3 July – St. Thomas, Apostle
Today we mark the feast of St Thomas the Apostle – who seems to have suffered a crisis of faith in the wake of Jesus’ execution: unable to believe the reports that Jesus is risen, he seems to have felt that he’d been taken in after all – that neither he nor Jesus are quite what they’d seemed just a few days earlier. He needs real, physical proof to change that feeling. And so, for all his strengths, Thomas been left with the nickname “doubting Thomas”.
Today’s collect highlights the question of Thomas’ “believing”– his inability at this stage to remember Jesus’ predictions of his own death and resurrection. But, it seems to me, there’s the equally important question of trust .
Why won’t Thomas accept what his fellow disciples are telling him? He’s been with them day after day, as they’ve trailed around following Jesus in his mission. He must know them pretty well by now.
Why doesn’t he trust their words about the risen Christ?
We’re not told what they made of Thomas’ reaction to them – but it must have stung a little.
And when Jesus subsequently appears again, with Thomas present, the overwhelming sense of joy might just have had an undercurrent of “we told you so!”
The concept of trust is very much in the air at present: in the race to replace David Cameron as Prime-minister, some voices are asking who we can trust to deliver the best deal with Europe, who we can trust to unite the country and /or the Conservative party. Meanwhile Labour politicians have been making it clear that many of them do not trust their leader to deliver them a future victory at the ballot box..
And, as we’ve marked 100 years since the beginning of the Battle of the Somme – military historians inevitably rake over past events, and the perceived mistakes of some of those who were then trusted to lead the assault.
So how do we know when or whom to trust? And when are we right to suspect we’re being taken in?
By happy coincidence, we were exploring precisely that dilemma at school – a couple of weeks ago.
And my starting point for the children was a set of three indicators:
1 – we trust people because we know they have certain skills. If we need a filling in one of our teeth – we don’t just want dad with his electric drill – no matter how good he is at DIY. We need a proper dentist. IF we need to have our appendix removed, we don’t just want someone who is nice and reassuring – we want someone who actually knows how to operate on us safely.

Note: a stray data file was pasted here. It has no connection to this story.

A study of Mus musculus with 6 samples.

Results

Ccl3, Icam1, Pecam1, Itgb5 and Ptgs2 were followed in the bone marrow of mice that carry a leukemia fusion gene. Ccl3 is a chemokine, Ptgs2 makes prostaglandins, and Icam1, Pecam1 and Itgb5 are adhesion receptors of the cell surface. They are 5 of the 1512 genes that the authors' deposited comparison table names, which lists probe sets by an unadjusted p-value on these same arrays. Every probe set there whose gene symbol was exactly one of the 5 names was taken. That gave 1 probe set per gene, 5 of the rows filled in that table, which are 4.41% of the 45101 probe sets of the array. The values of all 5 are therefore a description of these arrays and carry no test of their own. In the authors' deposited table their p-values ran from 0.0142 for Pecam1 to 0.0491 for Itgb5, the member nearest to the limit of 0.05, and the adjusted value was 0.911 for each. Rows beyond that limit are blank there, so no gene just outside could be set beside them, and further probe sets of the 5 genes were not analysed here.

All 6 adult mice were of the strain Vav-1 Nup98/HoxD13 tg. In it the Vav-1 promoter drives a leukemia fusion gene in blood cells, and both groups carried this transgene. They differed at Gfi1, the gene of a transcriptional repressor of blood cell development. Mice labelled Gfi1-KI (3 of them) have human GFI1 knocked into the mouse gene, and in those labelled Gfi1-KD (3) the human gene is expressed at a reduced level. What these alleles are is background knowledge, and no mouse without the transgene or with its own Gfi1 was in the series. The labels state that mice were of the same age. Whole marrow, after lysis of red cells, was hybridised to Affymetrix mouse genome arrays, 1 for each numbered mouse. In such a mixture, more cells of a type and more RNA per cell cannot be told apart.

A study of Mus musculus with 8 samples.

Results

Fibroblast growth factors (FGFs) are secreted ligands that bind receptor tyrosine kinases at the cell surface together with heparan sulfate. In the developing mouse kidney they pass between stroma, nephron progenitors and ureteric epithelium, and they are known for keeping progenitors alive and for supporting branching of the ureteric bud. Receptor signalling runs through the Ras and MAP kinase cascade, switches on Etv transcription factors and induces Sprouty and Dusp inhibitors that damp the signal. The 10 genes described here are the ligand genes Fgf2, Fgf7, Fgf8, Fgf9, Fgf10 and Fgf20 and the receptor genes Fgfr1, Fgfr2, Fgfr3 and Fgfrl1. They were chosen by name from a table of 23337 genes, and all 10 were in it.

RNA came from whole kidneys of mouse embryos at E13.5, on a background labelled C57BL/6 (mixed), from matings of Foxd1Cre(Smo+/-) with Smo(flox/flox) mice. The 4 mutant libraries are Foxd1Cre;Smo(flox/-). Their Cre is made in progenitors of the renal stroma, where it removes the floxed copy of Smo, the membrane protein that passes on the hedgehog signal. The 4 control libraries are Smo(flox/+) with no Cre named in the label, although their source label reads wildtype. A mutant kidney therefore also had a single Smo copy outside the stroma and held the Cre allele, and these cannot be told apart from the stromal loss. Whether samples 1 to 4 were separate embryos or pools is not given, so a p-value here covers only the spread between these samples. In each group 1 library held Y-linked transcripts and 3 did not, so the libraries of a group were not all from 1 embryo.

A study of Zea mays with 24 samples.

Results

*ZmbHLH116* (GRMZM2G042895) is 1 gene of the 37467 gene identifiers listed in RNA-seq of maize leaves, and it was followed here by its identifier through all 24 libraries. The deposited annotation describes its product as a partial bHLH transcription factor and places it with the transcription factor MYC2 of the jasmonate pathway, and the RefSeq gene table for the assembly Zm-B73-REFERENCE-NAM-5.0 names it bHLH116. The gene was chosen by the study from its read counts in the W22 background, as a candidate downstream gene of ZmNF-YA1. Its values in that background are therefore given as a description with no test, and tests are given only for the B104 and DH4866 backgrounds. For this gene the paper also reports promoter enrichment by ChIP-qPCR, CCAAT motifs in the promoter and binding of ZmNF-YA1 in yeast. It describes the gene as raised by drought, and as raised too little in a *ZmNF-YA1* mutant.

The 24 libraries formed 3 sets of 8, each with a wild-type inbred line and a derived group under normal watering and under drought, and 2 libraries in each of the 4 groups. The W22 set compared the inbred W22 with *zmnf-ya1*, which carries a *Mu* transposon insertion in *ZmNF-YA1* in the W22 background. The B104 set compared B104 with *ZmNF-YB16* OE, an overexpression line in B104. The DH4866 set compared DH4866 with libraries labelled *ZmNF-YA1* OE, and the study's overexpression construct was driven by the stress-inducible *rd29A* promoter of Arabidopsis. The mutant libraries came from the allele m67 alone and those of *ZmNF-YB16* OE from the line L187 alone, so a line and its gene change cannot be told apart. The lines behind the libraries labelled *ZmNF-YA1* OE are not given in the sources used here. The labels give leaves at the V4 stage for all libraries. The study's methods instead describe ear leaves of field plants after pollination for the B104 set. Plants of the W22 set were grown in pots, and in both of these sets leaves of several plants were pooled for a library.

2 – we trust people who we know care about us. If we know that we matter to someone – that they think about us as much as themselves – then we can be pretty confident they won’t trick us, or do anything that will hurt us or leave us in a mess.
3 – we trust people who we know will be there for us – no matter what we’re going through. We learn to recognise “fair –weather friends” and also those who will stand by us in the storms of life, battling to keep the umbrella over our heads.
From all of that we concluded that, ultimately, being trusted is about our core identity – our “character” – that we can become trustworthy people by working at it.
Knowing what we ourselves are good at, and not pretending to be more or less than we really are.
Actively seeking the welfare of other people.
Sticking by those who need us when the going gets tough.
All of those things make us better people – more reliable people – more trustworthy people.
Those are qualities I think we should strive for in ourselves, and qualities we should look for whenever we weigh up the various figures in our public life – whenever we’re asked to consider whom we trust to lead us.
Thomas’ legacy on “trust” is a complex one.
I’ve already suggested that he shows a lack of trust in the other disciples – “unless I see, I will not believe”, translates very readily into “Why should I believe what YOU tell me?”
But what about Thomas himself?
Presumably Jesus trusted him. And yet here he is, apparently at best falling into the category of “fair –weather friend”. He simply can’t see past the storm clouds and is running for cover.
WE recognise in Thomas’ failings the fact that we do fail each other – even good people do sometimes get it wrong, or lose their nerve.
But then Jesus himself effectively steps out with umbrella and welcomes Thomas under – he gives Thomas what he needs to restore his trust – the proof he needs to believe the truth he couldn’t accept.
Through “doubting Thomas” then – we gain the reassurance that even when we do lose heart, God will not give up on us, and that there is always a way back to him.
So Thomas points us beyond “believing”, beyond accepting in our minds that Jesus rose from the dead, to a more profound trust – that God who raised Jesus from the dead can and will always bring hope out of despair, good out of evil. He teaches us to trust in God even in the absence of proof.
When our faith is challenged by events in our own lives, in the world around us, or even from a century ago, Thomas’ restored faith encourages us to trust, even then, that God is always at work, and working always for our good.
He teaches us, perhaps, to weather each storm by clinging onto remembered sensations of sunshine – in times of doubt to recall the times when we have felt closest to God, or when we have sense that he has touched our own lives most dramatically – and so to trust that his presence is real even when we cannot sense it or see it with our own eyes.
In Thomas’ encounter with Jesus, we learn as he did, that we can trust in God NOT for what he shows us, but because of who and what God is.
God’s “character” – God’s true nature is love – and that love cannot fail.